Kentucky HEALTH Waiver Proposal Threatens Exemplary Enrollment Success

By Carolyn McCoy

Since the coverage expansions in the Affordable Care Act (ACA) began in 2013, Kentucky’s model for streamlined eligibility and enrollment has widely been considered one of the most successful in the country. Many factors contributed to its success, including: champions in state leadership; cross-agency and organization collaboration; an integrated eligibility system that made the application and enrollment process easier and more intuitive for consumers; and an overall commitment to continuous improvement. This model has led to remarkable Medicaid enrollment gains and a plummeting uninsured rate, from 19.2 percent in 2013 (higher than the national average at the time, 16.4 percent) to 9.8 percent in 2015 (below the national average of 10.7 percent in 2015).

We recently submitted comments to the Kentucky Medicaid Commissioner highlighting two main areas where the Kentucky HEALTH waiver proposal threatens to reverse the enrollment gains made in covering Kentuckians over the past three years. Here’s a quick overview:

Importance of financial help: Enroll America’s consumer research has found, year after year, that the availability of financial help is one of the biggest motivators for consumers to enroll in and retain coverage, especially plans with little to no premium. The Kentucky HEALTH proposal includes increases to premiums on an annual basis, charging enrollees more the longer they have been enrolled, making it even more likely that eligible consumers will fail to retain coverage over time. We are concerned that exposure to increased financial burden in the form of premiums, as included in the waiver proposal, could lead eligible enrollees to lose Medicaid coverage unnecessarily.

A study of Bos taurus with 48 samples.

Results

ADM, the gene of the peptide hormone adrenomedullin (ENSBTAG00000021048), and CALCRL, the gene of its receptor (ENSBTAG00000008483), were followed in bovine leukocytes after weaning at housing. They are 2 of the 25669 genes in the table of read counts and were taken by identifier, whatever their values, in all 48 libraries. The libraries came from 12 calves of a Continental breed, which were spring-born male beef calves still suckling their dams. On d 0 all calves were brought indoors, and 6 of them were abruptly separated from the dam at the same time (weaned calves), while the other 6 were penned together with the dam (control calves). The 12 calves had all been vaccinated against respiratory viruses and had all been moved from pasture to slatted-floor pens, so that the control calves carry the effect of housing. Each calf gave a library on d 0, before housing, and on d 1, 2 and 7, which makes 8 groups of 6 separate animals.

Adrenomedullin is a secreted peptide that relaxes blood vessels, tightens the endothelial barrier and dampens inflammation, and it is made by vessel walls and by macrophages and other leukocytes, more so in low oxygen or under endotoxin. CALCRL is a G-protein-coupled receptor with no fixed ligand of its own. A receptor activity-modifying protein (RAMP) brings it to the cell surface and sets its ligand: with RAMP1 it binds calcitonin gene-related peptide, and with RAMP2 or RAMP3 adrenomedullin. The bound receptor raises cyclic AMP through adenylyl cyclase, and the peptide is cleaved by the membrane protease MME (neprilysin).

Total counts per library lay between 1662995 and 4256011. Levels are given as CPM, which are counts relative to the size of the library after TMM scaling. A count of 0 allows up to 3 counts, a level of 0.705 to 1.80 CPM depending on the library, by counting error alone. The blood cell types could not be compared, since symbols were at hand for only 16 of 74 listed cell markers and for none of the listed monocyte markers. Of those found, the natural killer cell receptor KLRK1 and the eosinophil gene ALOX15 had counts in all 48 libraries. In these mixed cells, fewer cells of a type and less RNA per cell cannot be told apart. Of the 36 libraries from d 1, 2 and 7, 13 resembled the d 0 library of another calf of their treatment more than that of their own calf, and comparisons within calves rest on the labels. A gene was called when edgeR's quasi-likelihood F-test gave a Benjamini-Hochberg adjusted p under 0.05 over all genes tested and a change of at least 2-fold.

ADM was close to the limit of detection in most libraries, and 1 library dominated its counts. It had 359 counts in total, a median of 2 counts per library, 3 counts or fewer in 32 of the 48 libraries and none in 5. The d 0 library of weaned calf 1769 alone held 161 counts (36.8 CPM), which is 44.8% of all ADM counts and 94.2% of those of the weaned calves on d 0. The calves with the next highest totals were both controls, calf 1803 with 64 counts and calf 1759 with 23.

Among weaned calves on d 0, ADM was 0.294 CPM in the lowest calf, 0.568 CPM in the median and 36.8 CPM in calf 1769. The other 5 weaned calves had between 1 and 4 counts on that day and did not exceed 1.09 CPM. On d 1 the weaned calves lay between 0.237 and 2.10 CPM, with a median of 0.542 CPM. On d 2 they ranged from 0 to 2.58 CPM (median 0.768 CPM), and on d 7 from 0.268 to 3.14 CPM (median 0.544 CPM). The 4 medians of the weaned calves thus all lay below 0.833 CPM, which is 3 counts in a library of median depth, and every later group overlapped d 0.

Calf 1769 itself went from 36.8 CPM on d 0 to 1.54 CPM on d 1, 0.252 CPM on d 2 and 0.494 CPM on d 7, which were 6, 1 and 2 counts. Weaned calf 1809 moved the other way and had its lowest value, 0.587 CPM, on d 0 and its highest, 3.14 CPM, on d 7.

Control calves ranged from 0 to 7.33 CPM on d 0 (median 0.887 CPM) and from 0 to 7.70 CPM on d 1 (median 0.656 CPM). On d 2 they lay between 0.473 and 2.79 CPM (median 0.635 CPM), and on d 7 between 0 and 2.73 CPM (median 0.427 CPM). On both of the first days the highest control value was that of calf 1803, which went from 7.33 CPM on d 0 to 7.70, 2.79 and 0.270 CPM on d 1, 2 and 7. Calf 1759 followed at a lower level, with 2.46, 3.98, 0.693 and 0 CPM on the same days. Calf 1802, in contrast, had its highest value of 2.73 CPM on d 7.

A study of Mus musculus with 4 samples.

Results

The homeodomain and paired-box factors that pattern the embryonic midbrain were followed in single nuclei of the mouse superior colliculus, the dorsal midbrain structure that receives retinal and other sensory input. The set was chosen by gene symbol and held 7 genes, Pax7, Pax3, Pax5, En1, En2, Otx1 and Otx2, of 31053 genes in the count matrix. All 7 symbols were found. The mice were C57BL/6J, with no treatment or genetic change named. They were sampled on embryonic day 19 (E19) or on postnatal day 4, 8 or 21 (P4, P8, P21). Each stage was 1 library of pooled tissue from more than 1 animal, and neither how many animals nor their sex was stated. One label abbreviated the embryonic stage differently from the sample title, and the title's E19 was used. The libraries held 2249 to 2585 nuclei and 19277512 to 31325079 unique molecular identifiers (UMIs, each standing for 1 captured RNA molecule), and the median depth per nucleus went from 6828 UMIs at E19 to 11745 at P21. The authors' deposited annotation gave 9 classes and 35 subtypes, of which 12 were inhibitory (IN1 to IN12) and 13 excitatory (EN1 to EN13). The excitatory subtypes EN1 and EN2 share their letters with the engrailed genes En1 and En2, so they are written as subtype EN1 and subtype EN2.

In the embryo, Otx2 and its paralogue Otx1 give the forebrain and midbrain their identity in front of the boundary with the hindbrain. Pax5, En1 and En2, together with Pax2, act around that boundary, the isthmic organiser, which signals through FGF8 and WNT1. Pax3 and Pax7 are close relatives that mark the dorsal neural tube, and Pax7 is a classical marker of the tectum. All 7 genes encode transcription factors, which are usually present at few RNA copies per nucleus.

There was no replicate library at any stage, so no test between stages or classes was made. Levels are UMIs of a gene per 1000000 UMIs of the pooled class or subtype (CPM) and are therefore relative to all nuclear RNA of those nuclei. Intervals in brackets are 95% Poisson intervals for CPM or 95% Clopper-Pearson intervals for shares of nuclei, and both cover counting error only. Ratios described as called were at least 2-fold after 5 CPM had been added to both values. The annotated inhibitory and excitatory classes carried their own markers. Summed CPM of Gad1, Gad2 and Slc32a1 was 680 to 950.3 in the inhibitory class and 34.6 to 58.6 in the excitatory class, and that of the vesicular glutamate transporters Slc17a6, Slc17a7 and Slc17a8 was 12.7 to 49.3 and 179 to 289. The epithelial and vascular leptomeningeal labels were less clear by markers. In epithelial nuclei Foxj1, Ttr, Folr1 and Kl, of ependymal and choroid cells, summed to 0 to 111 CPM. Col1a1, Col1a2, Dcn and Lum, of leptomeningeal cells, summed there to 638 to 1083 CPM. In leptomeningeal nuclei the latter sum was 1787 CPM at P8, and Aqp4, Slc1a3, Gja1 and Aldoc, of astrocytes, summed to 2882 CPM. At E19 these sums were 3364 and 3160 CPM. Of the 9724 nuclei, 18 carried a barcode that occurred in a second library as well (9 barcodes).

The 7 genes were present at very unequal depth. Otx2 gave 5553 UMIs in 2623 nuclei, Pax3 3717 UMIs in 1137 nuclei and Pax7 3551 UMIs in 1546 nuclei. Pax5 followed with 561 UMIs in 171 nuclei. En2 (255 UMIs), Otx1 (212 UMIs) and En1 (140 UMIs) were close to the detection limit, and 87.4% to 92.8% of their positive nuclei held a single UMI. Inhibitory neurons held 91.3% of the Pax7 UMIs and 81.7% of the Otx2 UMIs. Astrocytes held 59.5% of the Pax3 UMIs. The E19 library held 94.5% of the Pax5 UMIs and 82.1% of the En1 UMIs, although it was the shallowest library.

Making coverage easy to understand and use: The Kentucky HEALTH proposal would increase the complexity of the Medicaid program, jeopardizing retention and making new enrollment more challenging. Consumers would need to meet new community engagement requirements, manage an account for payment of deductibles, and navigate several complex coverage programs with different rules governing premium payments, disenrollment, and lock-out periods. This complicated web will put the hundreds of thousands of Kentuckians currently enrolled in Medicaid at an increased risk of losing coverage despite still being eligible.

At a time when policymakers should be making it easier for eligible consumers to enroll in and retain coverage, this proposal instead threatens to move Kentucky in the opposite direction.

You can read our full comments here.